With no DH, Reds’ outfield is overpopulated

By Hal McCoy

The rumors keep surfacing, not from the halls of the Cincinnati Reds front office, but from other teams all over the map.

The Reds are listening to offers for Sonny Gray. They are listening to offers for Luis Castillo. They are listening to offers for Eugenio Suarez. They are listening to offers for Mike Moustakas.

They are listening to offers for everybody but the batboy.

And another rumor is that general manager Nick Krall is under pressure to carve at least $25 million off last season’s payroll.

If that’s true, one wonders if that is the reason that Dick Williams vacated the president of baseball operations position after he worked so hard to bring Gray, Moustakas, Archie Bradley, Nick Castellanos and Shogo Akiyama to Cincinnati. The silence from the Reds, as they say, is deafening. And, as they also say, where there is smoke there usually is fire.

What is curious about all this is that the rumors/talk involves starting pitchers and infielders, the two strongest parts of the Reds’ roster.

The team has a glut of outfielders, but so far no rumors have surfaced about Castellanos or Jesse Winker or Nick Senzel or Akiyama or Aristides Aquino.

It was thought late last season that the universal designated hitter rule used by both leagues during the truncated pandemic season would carry over to 2021. That would alleviate some of the challenge for Reds manager David Bell to find playing time for his overabundance of outfielders.

But that may not be the case.

MLB recently sent a memo to all teams to assume that the DH won’t be used in the National League, although MLB and the players union still could reach an agreement to use the DH before the season begins.

“Those discussions are ongoing and last year created an opportunity to try out some new things,” said Bell. “The big question is what do the fans enjoy.”

National League traditionalists do not favor or like the designated hitter, not even a little bit.

Bell said as a National League lifer he was always against the DH, but having used it last year he has wavered.

“I’ve been part of the National League for so long and I enjoy the National League game,” he said. “But going through a season with the DH I can absolutely see that it can have a place in the game. We’ll adjust to it, whichever way we go. With our situation, we’re set up to go either way.”

So how do things set up in the outfield?

“Jesse Winker served in the DH role last year and did a good job,” said Bell. “It wasn’t easy stepping in to be a DH when you’ve never done it before. I also know he really wants to play the outfield.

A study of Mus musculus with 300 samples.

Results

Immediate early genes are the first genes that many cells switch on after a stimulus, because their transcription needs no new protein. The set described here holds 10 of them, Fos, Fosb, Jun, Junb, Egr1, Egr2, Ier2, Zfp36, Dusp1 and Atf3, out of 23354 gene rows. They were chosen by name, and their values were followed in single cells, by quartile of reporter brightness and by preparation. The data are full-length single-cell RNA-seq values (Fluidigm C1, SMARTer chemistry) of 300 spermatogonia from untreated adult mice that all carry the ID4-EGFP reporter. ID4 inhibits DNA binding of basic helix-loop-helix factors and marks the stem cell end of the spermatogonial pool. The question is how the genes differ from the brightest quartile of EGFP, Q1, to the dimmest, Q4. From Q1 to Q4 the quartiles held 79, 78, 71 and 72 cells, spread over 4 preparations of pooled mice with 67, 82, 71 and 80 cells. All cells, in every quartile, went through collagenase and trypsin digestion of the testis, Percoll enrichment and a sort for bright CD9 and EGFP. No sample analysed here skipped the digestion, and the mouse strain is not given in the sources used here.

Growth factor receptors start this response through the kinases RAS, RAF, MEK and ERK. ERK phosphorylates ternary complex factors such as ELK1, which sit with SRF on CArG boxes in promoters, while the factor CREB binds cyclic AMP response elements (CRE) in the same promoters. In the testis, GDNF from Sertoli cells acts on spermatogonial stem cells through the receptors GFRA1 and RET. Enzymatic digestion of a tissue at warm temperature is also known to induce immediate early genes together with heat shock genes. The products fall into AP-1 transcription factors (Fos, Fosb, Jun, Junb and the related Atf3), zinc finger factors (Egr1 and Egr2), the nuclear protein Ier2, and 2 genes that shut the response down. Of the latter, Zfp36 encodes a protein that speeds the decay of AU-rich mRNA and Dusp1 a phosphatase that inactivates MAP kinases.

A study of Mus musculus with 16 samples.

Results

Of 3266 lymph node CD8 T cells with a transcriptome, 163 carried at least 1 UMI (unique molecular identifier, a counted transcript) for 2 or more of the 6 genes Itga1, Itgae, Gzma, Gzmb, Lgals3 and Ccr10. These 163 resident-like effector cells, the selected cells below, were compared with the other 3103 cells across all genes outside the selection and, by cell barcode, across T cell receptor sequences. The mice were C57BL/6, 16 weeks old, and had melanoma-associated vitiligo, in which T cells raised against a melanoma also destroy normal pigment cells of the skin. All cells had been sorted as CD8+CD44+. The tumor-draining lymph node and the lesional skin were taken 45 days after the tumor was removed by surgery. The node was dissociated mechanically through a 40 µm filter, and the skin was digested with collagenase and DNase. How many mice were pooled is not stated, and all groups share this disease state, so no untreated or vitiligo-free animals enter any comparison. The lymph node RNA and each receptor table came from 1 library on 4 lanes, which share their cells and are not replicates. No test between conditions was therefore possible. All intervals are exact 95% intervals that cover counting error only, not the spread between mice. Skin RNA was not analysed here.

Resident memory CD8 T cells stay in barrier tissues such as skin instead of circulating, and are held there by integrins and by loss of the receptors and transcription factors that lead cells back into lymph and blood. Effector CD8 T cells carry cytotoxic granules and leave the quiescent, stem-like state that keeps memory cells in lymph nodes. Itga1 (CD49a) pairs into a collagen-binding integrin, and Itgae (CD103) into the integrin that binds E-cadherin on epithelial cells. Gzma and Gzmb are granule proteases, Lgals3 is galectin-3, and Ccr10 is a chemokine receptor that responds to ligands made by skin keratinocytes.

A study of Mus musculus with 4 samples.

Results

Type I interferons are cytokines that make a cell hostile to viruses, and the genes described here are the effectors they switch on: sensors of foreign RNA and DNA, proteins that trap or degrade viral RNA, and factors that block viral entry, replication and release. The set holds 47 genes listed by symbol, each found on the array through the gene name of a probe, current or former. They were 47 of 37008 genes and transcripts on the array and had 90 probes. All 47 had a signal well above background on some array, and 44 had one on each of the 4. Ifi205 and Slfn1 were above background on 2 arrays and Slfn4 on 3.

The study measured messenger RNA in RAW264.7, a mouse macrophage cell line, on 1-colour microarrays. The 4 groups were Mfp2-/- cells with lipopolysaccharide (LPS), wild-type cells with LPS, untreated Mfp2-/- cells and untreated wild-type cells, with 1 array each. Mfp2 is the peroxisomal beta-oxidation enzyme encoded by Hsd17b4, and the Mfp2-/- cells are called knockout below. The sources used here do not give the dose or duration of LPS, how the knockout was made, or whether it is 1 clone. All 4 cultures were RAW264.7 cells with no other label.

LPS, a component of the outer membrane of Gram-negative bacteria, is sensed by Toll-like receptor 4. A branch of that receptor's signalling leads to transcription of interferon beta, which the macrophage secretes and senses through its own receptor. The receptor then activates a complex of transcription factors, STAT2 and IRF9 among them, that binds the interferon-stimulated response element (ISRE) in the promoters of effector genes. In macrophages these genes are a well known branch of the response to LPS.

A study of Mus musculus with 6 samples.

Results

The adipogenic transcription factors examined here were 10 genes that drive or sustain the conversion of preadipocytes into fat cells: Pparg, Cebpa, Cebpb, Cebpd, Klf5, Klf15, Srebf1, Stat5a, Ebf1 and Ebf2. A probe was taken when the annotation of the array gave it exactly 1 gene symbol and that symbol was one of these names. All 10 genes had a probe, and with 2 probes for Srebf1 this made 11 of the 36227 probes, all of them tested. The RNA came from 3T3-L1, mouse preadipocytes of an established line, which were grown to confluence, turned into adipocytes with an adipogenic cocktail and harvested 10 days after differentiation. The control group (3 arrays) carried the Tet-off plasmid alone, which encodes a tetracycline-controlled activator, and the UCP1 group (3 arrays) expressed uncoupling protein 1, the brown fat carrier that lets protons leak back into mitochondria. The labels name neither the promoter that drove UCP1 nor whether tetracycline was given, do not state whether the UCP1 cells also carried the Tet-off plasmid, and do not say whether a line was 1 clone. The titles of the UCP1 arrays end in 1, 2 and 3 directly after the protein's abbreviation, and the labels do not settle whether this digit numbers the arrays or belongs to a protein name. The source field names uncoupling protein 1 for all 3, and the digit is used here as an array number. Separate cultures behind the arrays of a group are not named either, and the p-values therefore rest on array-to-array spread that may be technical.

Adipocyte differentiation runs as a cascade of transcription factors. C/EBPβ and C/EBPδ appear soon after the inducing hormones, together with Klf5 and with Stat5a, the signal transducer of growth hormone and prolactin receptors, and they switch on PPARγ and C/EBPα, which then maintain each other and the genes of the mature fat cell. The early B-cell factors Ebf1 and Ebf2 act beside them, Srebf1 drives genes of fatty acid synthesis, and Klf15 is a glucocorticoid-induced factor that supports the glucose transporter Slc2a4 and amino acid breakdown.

“We’ll have to make a decision based on what’s best for our team and I know Jesse has worked hard to become a better outfielder. And he wants that opportunity and I’d like to see him get that.

“We’ll see how it plays out and if there is not a DH we’ll have to navigate that,” he added. “That’s one more decision we’ll have to make each night.

“We have both Nicks (Senzel, Castellanos) out there and Jesse and obviously Shogo,” Bell added. “We have a strong outfield, a strength of our team. We’ll have to figure out each day who is in the starting lineup.”

It would seem the best scenario would be Castellanos in right, Senzel in center and Akiyama in left. Senzel, though, has difficulty avoiding the trainer’s room, forcing the Reds to use Akiyama in center and Winker in left.

And Bell did not mention Aquino.

“The key for Nick, of course, is to be healthy and stay healthy,” said Bell. “And he is. He finished last season healthy. Having some extra time off in the off-season he’ll have time to really strengthen his shoulder. He did finish the season strong.

“We know what he can do. If he can stay healthy, that’s the key,” Bell added. “In the time that he has played he has shown that he can play in this league and be a really good player. He is very talented and has done a really good job when he is out there.”

When he is out there.

“His luck is going to turn around and we’ll get to see him and see what he is capable of doing for a full season.”

And Shogo, the first Japanese-born player to wear a Reds uniform?

“You look at the season he had, look what he had to do,” said Bell. “He came in at spring training and had to adapt. We got shut down for a few months and he had to come back.

“He deserves a ton of credit because he is extremely professional, worked really hard to learn the league, learn his teammates. In the end, you saw it pay off because he was playing really well, especially toward the end of the season when we were playing better as a team,” said Bell. “It was an extremely successful year for Shogo and I think it will be better for him next year because of the way he handled last season. We’re excited to see him in a full season.”